We all know people who claim they hate history. They won’t set foot in a history museum. They shudder at school memories of forced memorization of dates and names. Their teachers somehow never conveyed the fun in the process. Maybe their teachers had never worked with primary sources. Those of us who practice history professionally got hooked on history for a reason. Somewhere along the way, we found the joy of primary source materials, the thrill of holding the past in our hands. As a public historian who has worked for over twenty years in some of America’s most popular history museums, here are my suggestions for what we need to do to make history fun.

  1. Share your sources. Ask your audience questions and get them looking at the evidence.

All too often we feed people our conclusions after we have had the fun analyzing the evidence. For six years I managed the Hands On History Room (HOHR) at the Smithsonian National Museum of American History. The activity-based learning center was an international model of museum education, a place for all ages to interact with primary source materials and to do the rudimentary detective work of historians. Visitors could gin cotton, assemble a Chippendale chair, send a message by Morse code, harness a mule, ride a highwheel bicycle and other activities. Over six years I watched visitors have fun in the HOHR and I read their glowing comments in the comment book. Many of them wrote “I never knew history could be so fun!”

  1. Make a personal connection.

When developing exhibitions, I always try to think about how to make the personal connection. I helped develop an exhibition at the National Museum of American History about a 250-year-old house from Ipswich, Massachusetts. A section of the exhibition encouraged visitors to research their own homes and gave them tips for how to do it. An exhibition I developed at the National Air and Space Museum included the simple question “Could you have been a stewardess in the 1950s?” The display featured a full-length mirror with a life-size cut-out of a stewardess from a historic photograph – checking her uniform. It also included an ad from the time period and flip panels with the various qualifications – age, race, gender, education, height, weight, appearance – with the requirements hidden underneath each panel. Curiosity compels most people to lift the panels to see how many of the requirements they meet.

  1. Introduce the unexpected.

There is power in the unexpected. Sometimes a different perspective or new historical evidence gives a twist to a story people thought they knew. At the cotton gin in the Hands On History Room, visitors learned that Eli Whitney did not invent the cotton gin, he invented a type of cotton gin. There were gins in use for many years before Whitney. I developed the National Lewis and Clark Bicentennial Exhibition which took a different approach to the story – instead of focus on the natural landscape, the exhibition looked at the cultural landscape. Visitors were fascinated to learn that the expedition traveled through a peopled landscape filled with complex cultures, expansive trade networks, and tribal tensions.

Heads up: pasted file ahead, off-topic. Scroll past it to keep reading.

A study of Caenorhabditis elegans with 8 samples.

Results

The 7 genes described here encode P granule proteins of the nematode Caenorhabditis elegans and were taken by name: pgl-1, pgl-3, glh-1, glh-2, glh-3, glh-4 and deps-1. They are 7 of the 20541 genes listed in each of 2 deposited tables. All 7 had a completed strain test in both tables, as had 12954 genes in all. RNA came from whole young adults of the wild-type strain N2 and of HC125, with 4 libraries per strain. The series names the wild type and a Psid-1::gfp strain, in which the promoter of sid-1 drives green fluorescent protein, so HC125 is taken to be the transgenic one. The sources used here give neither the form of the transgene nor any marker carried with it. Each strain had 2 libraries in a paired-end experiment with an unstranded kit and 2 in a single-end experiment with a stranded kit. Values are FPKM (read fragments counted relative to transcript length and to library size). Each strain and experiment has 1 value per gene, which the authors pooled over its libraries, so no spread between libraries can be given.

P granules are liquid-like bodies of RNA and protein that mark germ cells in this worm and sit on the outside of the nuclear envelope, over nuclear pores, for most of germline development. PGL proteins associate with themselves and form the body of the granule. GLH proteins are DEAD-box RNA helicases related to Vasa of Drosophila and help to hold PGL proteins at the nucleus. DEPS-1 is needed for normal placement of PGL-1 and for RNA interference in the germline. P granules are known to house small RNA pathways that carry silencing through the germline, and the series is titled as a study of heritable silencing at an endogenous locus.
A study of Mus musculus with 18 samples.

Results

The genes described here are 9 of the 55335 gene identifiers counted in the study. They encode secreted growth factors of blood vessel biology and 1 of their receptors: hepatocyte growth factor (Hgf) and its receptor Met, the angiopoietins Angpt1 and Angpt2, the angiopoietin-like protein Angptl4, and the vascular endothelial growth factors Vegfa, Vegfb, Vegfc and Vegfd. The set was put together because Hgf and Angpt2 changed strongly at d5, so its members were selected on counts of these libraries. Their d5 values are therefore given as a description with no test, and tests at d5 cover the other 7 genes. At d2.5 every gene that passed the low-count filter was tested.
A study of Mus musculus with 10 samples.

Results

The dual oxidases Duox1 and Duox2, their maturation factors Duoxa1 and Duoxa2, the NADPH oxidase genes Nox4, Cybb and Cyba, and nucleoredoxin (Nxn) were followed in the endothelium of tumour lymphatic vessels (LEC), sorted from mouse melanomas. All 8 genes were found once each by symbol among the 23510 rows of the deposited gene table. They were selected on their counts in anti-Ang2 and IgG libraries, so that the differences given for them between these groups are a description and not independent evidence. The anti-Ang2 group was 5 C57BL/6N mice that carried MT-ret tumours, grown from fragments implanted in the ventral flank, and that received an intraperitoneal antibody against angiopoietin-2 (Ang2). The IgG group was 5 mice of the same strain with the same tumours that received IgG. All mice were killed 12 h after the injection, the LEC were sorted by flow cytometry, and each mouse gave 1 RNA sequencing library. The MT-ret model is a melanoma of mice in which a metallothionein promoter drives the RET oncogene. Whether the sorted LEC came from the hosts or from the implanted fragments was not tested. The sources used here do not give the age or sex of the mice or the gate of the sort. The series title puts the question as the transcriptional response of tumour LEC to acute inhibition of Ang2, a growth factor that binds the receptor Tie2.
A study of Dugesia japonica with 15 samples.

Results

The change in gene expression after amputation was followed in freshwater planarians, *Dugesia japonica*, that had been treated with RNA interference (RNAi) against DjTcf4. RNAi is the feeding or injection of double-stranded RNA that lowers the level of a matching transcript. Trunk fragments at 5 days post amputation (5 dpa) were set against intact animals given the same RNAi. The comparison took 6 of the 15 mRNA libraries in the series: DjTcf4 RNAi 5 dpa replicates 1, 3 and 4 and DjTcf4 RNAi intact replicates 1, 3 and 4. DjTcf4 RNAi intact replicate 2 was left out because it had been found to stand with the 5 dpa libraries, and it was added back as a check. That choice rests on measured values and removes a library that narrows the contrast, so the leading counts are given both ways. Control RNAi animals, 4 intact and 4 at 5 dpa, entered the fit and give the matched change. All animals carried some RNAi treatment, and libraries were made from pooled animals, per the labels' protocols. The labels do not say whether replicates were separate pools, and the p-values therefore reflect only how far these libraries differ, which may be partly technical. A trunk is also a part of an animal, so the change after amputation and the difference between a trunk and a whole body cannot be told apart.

1. Never forget people stories.

In an exhibition about commercial aviation at the National Air and Space Museum, my colleagues and I introduced visitors to an airmail pilot named “Wild Bill” Hopson. Few people have heard of him, but he was one of the intrepid pilots who risked his life to deliver the mail in all kinds of conditions. Sadly he lost his life flying “hell stretch” in central Pennsylvania. The story gets better because he was carrying a load of diamonds. For the same exhibition we uncovered the story of reporter Herbert Ekins, who decided to travel around the world by commercial aviation in 1935. It became a race when rival newspapers sent their reporters to beat him.

  1. Find ways to convey your joy

If you’re a historian, you no doubt love the detective work of research ―analyzing sources and putting the pieces of the puzzle together, forming interpretations and drawing conclusions. We need to find ways to convey this enjoyment to the public. By sharing our favorite sources and the story of how we came to a certain conclusion, we lift the veil on our process. Carolyn Gilman, historian for the National Lewis and Clark Bicentennial Exhibition, used to describe what she called her “five-year scavenger hunt” to research the exhibition. She enjoyed the research on the artifacts’ provenance just as much as the research on their use. She wrote in the exhibition catalog: “This process revealed that the objects have gone through nearly as many adventures as the Corps of Discovery itself. Their stories are full of lawsuits, eccentric descendants, scholars absconding with the goods, and tragic museum fires.” Her joy in the process showed in the final product.

About eight years ago I began to write about the fun I’ve had working on various history projects. I’ve worked hard to make history accessible to millions of people. Eventually my stories became a book that has recently been published as A Grizzly in the Mail and Other Adventures in American History. A book was not my initial intent, but as I wrote, I realized that my stories could demonstrate to a wide audience that the pursuit of history is anything but boring. Part insider perspective, part scholarship and part memoir, the book attempts to lift the veil on the historical process. I want to encourage my colleagues to do the same. The bottom line is that all historians have stories to tell about how they navigated the research trail. Research is much more than sitting at a computer or in dusty archives. While scholarly books have a vital place in the discipline, more popular histories that demonstrate the fun of the history process might just make people think that history is not so boring after all.